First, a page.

Closing down your business does not have to be a sad time. Perhaps you want to retire. Or maybe you are ready to move on to new challenges, even though the business is financially healthy, and you do not want to sell to someone else. Of course, not wanting to deal with a struggling business is also a good reason to dissolve it.
Actually doing so is not as simple as shutting off the lights and hanging an âout of businessâ sign on the front door. Most business owners must take several steps before the company can be considered legally dissolved.
Sole proprietorships are probably the easiest businesses to end. There are no organizational documents to follow, and you likely will not have to file anything with the state. But more complex business structures, such as partnerships and corporations, must take these steps.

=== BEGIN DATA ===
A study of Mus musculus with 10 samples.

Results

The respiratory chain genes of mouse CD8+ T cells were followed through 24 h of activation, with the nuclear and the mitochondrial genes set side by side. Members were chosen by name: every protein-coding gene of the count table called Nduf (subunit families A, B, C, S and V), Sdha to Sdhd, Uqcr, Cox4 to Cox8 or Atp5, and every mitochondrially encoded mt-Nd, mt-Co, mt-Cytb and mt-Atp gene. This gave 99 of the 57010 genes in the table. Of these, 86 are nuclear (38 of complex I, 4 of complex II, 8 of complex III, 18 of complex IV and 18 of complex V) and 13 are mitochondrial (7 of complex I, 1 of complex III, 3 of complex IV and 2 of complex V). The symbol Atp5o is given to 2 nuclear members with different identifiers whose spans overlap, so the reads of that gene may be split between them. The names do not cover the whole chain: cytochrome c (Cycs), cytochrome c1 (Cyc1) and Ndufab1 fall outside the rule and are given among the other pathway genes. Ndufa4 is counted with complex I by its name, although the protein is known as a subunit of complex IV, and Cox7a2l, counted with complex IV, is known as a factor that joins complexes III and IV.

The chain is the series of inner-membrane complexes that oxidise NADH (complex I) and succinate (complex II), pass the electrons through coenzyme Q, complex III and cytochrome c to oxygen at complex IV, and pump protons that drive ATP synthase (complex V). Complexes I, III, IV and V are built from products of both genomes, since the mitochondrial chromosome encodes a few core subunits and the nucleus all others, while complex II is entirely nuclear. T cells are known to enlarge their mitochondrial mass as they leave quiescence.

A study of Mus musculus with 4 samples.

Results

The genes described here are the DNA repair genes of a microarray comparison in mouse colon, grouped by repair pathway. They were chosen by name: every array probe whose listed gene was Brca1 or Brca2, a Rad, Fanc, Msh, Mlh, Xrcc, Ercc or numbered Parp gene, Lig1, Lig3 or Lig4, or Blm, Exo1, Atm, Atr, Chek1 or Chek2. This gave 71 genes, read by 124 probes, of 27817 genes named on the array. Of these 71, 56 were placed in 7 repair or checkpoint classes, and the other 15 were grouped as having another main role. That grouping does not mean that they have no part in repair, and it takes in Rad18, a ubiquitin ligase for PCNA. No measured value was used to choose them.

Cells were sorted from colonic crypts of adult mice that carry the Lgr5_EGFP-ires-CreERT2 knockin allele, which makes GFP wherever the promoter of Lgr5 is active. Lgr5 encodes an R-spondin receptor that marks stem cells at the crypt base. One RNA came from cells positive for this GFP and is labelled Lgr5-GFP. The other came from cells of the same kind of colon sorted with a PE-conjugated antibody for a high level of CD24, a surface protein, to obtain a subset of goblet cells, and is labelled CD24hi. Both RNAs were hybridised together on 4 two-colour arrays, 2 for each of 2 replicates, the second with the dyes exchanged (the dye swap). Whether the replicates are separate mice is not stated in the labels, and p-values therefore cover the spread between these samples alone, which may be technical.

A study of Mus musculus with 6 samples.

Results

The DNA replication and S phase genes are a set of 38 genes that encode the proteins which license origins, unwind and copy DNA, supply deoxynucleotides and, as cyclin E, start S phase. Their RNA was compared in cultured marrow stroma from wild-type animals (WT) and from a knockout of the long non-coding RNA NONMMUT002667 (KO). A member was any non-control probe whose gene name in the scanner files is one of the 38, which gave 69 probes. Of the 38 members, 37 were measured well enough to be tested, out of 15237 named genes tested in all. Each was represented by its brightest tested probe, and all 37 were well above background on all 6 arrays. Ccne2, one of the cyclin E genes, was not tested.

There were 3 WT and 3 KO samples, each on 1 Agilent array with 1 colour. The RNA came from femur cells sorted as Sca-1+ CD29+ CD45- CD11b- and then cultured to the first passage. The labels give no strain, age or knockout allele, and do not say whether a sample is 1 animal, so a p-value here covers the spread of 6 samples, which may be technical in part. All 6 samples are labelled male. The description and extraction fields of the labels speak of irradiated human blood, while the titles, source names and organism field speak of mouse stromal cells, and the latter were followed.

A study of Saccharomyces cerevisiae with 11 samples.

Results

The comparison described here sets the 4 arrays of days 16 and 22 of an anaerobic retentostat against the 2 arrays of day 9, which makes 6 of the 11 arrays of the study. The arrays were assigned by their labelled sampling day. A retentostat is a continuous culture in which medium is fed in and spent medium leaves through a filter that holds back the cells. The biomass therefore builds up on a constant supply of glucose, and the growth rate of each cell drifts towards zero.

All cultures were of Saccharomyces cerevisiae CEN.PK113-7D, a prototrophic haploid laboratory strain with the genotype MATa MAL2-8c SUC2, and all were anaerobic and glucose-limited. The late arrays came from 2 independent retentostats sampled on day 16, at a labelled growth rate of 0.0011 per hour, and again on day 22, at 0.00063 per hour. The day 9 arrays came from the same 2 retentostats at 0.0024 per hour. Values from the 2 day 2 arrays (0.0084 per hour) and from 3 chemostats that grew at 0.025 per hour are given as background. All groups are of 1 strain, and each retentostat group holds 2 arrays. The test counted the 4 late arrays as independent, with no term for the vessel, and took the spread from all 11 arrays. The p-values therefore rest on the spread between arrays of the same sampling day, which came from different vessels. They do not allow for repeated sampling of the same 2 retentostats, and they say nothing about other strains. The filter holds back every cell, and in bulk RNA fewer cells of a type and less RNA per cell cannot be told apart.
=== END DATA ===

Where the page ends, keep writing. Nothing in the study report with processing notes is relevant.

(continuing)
A businessâ organizational documents, such as articles of incorporation or a partnership agreement, probably will contain rules for dissolution. For example, two-thirds of the voting shares may have to agree to dissolve the business. State law may also contain certain requirements, which an attorney can explain.
Businesses more complex than a sole proprietorship must file with the state notifying it of the dissolution. But even a sole proprietor may want to do so, to notify creditors that the business cannot incur and more debt. You will also need to notify state and local tax agencies, as well as the IRS.Â Creditors also need to find out that you are closing.
These and other obligations can be handled with the help of a business law attorney.